There are many obstacles in finding a job in the United States. Some of these obstacles are socially constructed, such as more household responsibilities shouldered by women compared to men. Other obstacles are the result of a long discriminatory past, especially the immense inequality in household wealth between racial and ethnic groups. These obstacles inhibit workers from moving freely between jobs and thus give employers monopsony power—the power to push down wages when workers have few suitable outside options.

Because these obstacles more commonly confront women and non-White workers, employers have more power over such workers, which means employers can push their wages down more compared to White men workers. In a new working paper, we demonstrate how these racialized and gendered wealth disparities reinforce discriminatory pay penalties by examining how workers search for jobs. We find that institutional support for worker power—in the form of greater protections for collective action and a more pro-worker National Labor Relations Board that facilitates organizing through overseeing union elections and hearing unfair labor practice charges—can limit the ability of employers to exploit workers based on their gender or race and ethnic backgrounds.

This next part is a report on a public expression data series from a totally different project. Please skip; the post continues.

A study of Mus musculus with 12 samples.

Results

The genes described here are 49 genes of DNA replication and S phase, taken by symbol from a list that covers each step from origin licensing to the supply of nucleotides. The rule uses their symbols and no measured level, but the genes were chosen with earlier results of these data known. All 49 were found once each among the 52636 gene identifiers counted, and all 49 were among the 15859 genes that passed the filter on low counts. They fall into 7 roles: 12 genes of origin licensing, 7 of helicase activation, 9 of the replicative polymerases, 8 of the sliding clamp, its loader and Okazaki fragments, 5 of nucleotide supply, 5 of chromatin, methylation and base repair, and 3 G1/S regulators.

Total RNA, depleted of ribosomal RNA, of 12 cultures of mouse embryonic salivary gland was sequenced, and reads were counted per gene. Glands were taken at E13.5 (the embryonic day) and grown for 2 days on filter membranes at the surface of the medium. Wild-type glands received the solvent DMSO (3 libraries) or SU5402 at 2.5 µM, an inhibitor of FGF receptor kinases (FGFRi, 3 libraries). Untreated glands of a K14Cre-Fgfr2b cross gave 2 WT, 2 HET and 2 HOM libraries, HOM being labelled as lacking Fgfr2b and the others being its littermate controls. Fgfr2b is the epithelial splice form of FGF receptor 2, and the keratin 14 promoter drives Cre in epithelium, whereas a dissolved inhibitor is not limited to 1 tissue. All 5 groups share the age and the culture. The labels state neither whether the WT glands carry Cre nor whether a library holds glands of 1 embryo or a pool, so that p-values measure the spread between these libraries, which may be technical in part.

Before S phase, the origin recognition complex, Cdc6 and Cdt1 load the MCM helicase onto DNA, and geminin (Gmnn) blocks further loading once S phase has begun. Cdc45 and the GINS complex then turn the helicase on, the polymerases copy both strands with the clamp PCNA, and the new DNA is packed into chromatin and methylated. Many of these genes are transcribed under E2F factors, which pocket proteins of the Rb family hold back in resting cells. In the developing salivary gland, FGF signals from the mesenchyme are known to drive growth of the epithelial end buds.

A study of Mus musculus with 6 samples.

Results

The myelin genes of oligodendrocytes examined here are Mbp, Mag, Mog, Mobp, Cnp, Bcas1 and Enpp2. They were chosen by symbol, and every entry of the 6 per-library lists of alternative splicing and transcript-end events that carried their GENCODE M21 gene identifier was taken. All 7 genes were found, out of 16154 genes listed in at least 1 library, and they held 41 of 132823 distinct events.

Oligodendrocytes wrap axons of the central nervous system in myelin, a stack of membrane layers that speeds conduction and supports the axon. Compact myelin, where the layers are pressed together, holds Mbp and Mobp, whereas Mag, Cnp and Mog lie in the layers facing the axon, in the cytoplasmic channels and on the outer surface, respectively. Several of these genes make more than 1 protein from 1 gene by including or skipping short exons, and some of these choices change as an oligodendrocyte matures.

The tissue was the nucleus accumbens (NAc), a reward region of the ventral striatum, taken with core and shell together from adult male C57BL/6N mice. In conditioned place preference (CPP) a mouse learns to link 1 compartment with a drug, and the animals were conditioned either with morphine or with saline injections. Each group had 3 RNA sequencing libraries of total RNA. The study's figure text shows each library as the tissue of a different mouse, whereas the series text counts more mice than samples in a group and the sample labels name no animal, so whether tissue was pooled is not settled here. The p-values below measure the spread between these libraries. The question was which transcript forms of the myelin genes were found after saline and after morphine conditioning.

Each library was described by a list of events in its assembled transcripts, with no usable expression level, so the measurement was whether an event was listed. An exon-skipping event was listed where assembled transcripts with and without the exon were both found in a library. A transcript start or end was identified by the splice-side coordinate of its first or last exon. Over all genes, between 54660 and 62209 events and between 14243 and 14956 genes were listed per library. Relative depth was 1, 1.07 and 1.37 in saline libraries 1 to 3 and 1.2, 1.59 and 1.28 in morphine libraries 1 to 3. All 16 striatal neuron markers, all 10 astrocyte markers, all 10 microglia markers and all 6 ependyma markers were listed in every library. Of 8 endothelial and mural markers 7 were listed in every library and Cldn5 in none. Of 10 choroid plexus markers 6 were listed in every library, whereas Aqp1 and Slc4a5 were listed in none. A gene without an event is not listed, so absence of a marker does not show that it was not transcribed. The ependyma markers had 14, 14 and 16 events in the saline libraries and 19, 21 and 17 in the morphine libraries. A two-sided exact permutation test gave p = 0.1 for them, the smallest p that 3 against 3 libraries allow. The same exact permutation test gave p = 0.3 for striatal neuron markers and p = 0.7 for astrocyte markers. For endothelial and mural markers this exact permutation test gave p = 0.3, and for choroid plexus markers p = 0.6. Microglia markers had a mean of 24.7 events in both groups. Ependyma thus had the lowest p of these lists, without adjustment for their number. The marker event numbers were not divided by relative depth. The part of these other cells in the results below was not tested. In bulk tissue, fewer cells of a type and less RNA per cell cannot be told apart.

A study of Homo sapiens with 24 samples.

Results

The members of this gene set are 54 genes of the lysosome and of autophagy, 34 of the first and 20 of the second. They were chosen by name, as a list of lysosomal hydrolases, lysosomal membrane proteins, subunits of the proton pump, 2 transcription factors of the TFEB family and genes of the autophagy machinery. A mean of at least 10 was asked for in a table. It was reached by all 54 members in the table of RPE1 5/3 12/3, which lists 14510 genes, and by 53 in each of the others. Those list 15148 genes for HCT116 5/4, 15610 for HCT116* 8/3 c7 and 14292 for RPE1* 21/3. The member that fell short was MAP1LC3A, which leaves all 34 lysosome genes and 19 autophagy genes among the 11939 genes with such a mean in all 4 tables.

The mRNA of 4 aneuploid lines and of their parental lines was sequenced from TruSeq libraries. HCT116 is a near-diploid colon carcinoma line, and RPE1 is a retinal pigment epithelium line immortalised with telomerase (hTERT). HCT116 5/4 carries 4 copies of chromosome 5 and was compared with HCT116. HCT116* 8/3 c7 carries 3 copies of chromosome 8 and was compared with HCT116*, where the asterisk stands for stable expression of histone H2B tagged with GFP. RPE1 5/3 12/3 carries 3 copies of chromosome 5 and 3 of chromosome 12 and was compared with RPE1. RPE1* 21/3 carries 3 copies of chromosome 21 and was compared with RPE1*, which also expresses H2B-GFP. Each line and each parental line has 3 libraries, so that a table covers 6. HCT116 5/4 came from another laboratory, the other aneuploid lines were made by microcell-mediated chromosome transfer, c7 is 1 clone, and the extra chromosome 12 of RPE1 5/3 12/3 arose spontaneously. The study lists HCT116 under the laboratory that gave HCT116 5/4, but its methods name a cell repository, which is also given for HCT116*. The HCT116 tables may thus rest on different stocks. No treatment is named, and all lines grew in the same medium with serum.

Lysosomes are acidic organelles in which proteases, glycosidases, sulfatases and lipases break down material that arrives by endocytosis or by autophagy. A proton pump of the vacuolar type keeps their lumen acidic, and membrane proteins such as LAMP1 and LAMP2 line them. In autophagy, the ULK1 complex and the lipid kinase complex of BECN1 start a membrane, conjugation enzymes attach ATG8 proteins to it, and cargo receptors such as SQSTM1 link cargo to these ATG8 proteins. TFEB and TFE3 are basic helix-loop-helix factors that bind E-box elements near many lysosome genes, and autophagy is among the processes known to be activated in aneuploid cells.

Our model demonstrates how a variety of factors intersect to result in discriminatory wage outcomes for workers along the lines of race, ethnicity, and gender, and likewise shows that a suite of policies in tandem that address these broad constraints would lead to more efficient outcomes and higher levels of social welfare. Amid the life-altering circumstances brought about by the coronavirus recession and the subsequently swift shift in work-life balances among women frontline workers and workers of color in particular, pro-labor policies to strengthen collective action by workers in the United States is of paramount importance.

Read the full article about monopsonies by Kate Bahn and Mark Stelzner at Equitable Growth.